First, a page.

2017 Ezra Jack Keats Book Award


Executive Director Deborah Pope reports:


At the end of every Children’s Book Festival at the University of Southern Mississippi, authors and illustrators, teachers and librarians, staff and faculty hug, shake hands and declare that year’s festival the best one they’ve ever attended. This happens every year. And every year it’s true.

This year was a bit more special, as we celebrated the 50th anniversary of the Children’s Book Festival. It remains a tribute to Lena de Grummond, who started everything in 1967, writing to children’s book authors and illustrators and asking them to send her anything, even stuff they thought should be thrown away, for an archive she was growing from scratch. Today, the de Grummond is one of the preeminent collections of children’s books in the country, home to the Keats Archives and host of the Ezra Jack Keats Book Award at the festival.


There were a few particularly gratifying aspects to the 2017 award ceremony. Prolific author Phyllis Reynolds Naylor graciously handed awards to each winner with a few words of encouragement. New Illustrator Micha Archer is a former EJK Honor Book winner for her book Lola’s Fandango. And Stacey McAnulty’s New Writer Honor Book, Excellent Ed, was illustrated by last year’s New Illustrator Honor Book winner Julia Sarcone Roach. It seems we’ve reached a critical mass of successful EJK Book Award winners, and their careers are beginning to criss-cross the field.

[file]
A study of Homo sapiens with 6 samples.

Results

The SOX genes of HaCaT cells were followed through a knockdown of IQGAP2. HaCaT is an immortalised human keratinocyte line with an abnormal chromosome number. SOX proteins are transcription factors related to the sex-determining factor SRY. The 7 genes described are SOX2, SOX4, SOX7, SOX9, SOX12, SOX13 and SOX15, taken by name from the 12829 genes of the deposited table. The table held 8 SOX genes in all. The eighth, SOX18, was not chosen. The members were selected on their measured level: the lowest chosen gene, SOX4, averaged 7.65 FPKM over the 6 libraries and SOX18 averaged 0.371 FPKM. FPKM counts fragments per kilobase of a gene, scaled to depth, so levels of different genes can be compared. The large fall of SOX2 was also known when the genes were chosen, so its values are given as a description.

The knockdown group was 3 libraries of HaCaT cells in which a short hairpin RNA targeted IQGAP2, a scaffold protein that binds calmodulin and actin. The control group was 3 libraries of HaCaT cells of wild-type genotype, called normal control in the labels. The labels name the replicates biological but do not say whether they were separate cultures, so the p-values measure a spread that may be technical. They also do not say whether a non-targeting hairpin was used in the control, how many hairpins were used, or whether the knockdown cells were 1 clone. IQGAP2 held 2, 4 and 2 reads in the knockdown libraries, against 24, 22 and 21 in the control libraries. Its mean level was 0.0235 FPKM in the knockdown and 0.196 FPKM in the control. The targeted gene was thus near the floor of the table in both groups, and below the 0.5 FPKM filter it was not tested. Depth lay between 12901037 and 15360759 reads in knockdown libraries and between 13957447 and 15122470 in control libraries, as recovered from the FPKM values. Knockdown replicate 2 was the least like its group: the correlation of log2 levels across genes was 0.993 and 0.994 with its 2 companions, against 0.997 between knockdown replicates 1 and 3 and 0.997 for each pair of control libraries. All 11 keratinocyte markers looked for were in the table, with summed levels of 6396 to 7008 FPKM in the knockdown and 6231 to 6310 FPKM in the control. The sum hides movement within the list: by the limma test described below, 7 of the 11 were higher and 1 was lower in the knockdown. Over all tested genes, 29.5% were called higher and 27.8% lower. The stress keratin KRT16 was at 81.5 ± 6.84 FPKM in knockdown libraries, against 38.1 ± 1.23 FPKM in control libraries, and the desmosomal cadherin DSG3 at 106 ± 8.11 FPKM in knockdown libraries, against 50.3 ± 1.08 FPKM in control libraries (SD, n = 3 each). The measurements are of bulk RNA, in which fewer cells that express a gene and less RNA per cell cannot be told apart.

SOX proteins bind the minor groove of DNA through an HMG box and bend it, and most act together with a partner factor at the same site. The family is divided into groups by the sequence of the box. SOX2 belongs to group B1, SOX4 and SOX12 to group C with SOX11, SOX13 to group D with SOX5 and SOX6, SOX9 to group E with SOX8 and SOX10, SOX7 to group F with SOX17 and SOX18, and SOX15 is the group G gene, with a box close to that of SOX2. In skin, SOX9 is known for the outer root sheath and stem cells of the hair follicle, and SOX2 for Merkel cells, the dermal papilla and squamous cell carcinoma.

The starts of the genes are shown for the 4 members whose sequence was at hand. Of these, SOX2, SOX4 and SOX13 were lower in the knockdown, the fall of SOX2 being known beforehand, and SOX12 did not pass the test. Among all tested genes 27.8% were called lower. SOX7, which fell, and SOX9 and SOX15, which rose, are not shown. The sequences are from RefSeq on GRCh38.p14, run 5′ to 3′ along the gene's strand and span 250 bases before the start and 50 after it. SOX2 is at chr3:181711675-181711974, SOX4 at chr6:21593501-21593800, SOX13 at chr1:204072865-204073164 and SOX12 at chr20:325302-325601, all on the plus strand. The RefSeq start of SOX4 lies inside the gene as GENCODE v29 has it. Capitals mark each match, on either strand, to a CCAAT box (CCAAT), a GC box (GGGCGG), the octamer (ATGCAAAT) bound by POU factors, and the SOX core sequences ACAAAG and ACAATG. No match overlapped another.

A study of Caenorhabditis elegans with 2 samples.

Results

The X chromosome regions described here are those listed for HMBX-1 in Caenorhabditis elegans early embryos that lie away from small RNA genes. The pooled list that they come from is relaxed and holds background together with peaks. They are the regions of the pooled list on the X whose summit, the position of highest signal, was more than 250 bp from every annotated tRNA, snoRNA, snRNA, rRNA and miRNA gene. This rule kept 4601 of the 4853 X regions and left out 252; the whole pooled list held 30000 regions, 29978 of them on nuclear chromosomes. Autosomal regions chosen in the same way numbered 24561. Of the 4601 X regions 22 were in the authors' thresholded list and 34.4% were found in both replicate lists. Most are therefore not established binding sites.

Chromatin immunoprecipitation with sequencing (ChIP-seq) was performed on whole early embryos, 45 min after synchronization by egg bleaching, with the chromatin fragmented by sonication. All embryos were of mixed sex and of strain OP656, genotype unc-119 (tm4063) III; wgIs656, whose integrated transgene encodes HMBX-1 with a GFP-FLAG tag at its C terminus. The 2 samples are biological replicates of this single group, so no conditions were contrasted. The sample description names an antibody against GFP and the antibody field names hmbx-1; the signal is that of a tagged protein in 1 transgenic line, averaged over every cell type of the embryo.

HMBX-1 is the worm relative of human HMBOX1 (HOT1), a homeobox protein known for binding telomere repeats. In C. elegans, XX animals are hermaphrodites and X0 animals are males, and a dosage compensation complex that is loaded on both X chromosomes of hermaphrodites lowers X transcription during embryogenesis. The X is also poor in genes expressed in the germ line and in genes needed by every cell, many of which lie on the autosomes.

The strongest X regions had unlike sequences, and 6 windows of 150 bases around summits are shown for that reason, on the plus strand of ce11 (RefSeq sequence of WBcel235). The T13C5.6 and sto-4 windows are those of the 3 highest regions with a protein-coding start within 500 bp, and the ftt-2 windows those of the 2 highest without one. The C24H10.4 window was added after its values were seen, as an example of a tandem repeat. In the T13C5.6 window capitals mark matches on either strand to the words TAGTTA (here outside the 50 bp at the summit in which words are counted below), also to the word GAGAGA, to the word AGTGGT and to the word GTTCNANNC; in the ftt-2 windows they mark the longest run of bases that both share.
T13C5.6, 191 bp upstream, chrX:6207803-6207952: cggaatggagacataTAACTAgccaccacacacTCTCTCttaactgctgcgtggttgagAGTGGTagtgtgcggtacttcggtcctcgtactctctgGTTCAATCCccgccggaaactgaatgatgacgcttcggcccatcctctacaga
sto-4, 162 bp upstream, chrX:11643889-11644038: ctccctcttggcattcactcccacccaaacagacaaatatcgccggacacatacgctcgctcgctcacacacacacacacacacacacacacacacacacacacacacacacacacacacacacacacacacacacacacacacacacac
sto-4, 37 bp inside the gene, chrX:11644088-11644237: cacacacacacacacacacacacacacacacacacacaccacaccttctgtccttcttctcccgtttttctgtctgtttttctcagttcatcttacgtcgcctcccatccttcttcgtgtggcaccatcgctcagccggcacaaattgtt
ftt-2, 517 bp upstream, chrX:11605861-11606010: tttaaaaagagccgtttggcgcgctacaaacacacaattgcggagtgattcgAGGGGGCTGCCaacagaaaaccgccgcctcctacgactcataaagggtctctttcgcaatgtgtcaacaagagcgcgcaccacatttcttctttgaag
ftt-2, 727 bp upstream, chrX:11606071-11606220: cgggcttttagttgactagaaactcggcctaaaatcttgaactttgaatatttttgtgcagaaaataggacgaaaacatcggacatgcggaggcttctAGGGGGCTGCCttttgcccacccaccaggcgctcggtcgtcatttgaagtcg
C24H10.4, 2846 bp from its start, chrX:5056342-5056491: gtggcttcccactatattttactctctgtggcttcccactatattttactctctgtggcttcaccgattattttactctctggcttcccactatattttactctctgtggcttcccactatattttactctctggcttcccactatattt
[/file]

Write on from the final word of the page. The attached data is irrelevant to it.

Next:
Deborah Pope and Kwame Alexander
Deborah and Kwame Alexander

More high points: Kwame Alexander describing how saying “Yes!” opened the door to every positive turn in his life. Bryan Collier speaking about how Ezra and The Snowy Day planted seeds of hope and vision in him when he was a little boy. Kate DiCamillo showing how the pain of growing up with an absent father led her to open her heart to others and to experience, and write about, life. Pat Mora discussing the great need for more books about children of all hues; and Andrea Davis Pinkney mourning our culture’s great injustices and celebrating our moments of enlightenment and compassion.

As the festival-goers left, they promised to see one another next year, as they do every year. And the promises are kept, by almost everyone.